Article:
Surveyors for natural gas pipeline kicked off land by area First Nations clan

An eagle feather was reportedly handed to surveyors working on behalf of Apache Canada as a sign of trespass.

An eagle feather was reportedly handed to surveyors working on behalf of Apache Canada to develop the Pacific Trails Pipeline, the first and only notice of trespass under Wet’suwet’en law.

The feather was handed over by Chief Toghestiy of the Unis’tot’en Clan, under their traditional law called Bi Kyi Wa’at’en, or “responsibility of a husband to respectfully use and protect his wife’s territory.”

Toghestiy’s territory, he said in a media release, is located on Clore River, which is a short distance east from Terrace.

“We will be stopping all proposed pipelines,” he said.

The surveyors were apparently stopped at the bridge crossing for the Morice River. After denying the surveyors access, the protesters say they have confiscated the equipment and will not release it until Apache and the Pacific Trails Pipeline company agree to open up “appropriate lines of communication” with their clan and grassroots Wet’suwet’en members — neither group is affiliated with the Office of the Wet’suwet’en.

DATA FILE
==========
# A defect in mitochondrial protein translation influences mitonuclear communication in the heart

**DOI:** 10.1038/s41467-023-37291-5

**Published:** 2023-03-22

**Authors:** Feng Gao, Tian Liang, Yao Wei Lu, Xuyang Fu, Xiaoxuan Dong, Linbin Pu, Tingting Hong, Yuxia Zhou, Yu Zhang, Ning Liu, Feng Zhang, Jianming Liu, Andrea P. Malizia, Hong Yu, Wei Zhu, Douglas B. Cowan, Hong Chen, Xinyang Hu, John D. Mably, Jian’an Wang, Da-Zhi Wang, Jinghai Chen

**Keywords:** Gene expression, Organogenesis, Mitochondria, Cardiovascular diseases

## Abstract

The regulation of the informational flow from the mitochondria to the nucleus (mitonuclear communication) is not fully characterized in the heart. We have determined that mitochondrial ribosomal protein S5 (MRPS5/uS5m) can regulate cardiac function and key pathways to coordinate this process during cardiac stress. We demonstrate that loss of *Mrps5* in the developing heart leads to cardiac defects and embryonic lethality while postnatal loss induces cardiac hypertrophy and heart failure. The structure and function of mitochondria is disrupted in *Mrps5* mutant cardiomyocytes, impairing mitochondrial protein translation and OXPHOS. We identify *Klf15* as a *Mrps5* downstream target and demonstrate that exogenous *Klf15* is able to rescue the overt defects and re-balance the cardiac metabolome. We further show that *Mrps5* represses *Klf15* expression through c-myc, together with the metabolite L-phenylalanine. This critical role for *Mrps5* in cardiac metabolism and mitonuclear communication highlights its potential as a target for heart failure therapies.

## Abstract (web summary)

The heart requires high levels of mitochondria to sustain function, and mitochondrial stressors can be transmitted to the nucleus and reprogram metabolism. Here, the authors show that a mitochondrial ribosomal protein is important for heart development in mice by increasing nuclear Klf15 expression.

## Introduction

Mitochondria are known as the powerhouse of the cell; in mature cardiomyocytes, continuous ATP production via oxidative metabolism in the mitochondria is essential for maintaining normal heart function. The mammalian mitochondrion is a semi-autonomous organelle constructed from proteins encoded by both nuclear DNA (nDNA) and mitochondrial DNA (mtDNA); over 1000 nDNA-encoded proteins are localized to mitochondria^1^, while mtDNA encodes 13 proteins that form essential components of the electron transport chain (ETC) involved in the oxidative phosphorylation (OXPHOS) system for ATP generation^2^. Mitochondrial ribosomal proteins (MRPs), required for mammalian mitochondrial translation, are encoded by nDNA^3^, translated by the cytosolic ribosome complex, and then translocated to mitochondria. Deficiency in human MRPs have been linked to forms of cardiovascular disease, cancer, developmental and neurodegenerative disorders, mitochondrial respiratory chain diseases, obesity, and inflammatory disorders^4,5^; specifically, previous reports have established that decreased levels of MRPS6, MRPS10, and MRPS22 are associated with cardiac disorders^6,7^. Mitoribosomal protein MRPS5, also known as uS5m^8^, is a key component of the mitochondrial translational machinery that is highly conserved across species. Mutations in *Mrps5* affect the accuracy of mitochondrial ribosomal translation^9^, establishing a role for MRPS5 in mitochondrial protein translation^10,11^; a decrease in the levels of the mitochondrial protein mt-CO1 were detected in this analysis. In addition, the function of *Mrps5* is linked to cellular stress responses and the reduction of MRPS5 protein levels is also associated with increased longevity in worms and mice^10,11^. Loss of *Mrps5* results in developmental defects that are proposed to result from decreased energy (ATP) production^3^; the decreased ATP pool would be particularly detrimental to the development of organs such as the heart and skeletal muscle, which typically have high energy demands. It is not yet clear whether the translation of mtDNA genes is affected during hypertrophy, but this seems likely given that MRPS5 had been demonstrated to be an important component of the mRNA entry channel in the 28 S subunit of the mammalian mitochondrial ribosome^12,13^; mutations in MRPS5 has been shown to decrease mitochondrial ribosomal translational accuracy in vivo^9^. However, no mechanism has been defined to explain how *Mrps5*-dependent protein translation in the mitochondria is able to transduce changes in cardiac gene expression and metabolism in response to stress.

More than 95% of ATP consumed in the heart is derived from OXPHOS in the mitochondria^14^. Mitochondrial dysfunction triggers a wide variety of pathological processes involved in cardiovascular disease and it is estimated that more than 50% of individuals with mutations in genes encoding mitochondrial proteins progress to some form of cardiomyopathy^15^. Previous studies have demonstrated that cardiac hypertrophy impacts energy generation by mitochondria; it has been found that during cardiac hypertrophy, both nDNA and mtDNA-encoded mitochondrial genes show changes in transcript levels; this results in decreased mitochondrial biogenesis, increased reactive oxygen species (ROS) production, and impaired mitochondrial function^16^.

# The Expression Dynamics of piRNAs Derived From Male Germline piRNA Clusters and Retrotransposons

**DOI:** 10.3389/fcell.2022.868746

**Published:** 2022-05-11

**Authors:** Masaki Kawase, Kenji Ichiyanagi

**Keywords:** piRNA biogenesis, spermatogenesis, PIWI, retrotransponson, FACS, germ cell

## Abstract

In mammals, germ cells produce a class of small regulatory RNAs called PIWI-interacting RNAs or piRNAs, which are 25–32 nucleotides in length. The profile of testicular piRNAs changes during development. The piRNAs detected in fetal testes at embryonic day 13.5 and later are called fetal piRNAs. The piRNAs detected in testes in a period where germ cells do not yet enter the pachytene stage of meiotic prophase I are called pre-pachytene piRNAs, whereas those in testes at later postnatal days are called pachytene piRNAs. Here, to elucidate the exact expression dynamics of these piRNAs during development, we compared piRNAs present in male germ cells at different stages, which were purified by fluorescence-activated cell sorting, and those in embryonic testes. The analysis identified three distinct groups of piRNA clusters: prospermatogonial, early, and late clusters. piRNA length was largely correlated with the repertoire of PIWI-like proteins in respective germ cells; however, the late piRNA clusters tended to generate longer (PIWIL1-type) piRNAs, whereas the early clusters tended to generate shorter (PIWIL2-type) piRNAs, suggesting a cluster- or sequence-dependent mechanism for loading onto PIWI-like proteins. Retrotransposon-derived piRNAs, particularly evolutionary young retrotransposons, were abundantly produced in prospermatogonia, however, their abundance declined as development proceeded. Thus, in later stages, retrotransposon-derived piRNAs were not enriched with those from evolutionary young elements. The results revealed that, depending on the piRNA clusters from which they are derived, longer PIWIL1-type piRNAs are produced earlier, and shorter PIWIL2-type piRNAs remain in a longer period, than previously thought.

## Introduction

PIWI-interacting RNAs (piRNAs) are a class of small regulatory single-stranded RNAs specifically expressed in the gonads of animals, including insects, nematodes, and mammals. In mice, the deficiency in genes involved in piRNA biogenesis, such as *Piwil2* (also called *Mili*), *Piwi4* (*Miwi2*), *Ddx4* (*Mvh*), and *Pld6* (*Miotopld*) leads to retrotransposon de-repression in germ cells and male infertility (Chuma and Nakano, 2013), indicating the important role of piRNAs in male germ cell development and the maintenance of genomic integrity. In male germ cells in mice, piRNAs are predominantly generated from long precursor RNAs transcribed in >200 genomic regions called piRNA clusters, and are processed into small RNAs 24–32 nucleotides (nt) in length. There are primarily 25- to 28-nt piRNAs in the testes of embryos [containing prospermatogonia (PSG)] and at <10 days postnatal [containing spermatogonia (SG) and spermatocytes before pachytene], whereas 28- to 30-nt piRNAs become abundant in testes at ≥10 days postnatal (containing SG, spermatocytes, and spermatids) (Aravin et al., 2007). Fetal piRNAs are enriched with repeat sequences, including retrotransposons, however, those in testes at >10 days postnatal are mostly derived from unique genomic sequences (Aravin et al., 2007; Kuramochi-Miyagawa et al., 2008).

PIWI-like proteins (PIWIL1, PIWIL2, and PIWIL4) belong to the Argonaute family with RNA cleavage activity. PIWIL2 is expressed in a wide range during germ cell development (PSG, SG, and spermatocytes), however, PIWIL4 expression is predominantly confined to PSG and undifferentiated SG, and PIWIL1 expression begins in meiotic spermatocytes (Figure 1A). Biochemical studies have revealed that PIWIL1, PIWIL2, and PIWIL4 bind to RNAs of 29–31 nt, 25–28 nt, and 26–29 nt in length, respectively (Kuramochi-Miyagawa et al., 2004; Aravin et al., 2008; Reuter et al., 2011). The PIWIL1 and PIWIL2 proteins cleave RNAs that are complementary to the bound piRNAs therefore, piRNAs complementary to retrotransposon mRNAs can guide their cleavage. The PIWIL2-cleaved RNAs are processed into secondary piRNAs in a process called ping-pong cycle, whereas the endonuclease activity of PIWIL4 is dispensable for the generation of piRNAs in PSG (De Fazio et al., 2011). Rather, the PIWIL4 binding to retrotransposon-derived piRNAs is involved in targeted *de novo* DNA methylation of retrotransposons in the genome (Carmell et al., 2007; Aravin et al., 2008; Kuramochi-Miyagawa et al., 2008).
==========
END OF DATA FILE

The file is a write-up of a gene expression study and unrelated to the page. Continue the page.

This clan, they say, are dead-set against all pipelines that are proposed or expected to cross their territories — that also includes the proposed Northern Gateway Pipeline from Enbridge.

Apache’s communications spokesperson Paul Wyke confirmed that surveyors were asked to leave traditional territory on Nov. 20.

“We understand that there are some members of the Unis’tot’en who have expressed some concerns and we continue to consult with First Nations along the entire proposed pipeline right-of-way, including the Unis’tot’en,” said  Wyke.

He added, “The proposed Pacific Trail Pipeline project continues to benefit from strong First Nations’ involvement and support.”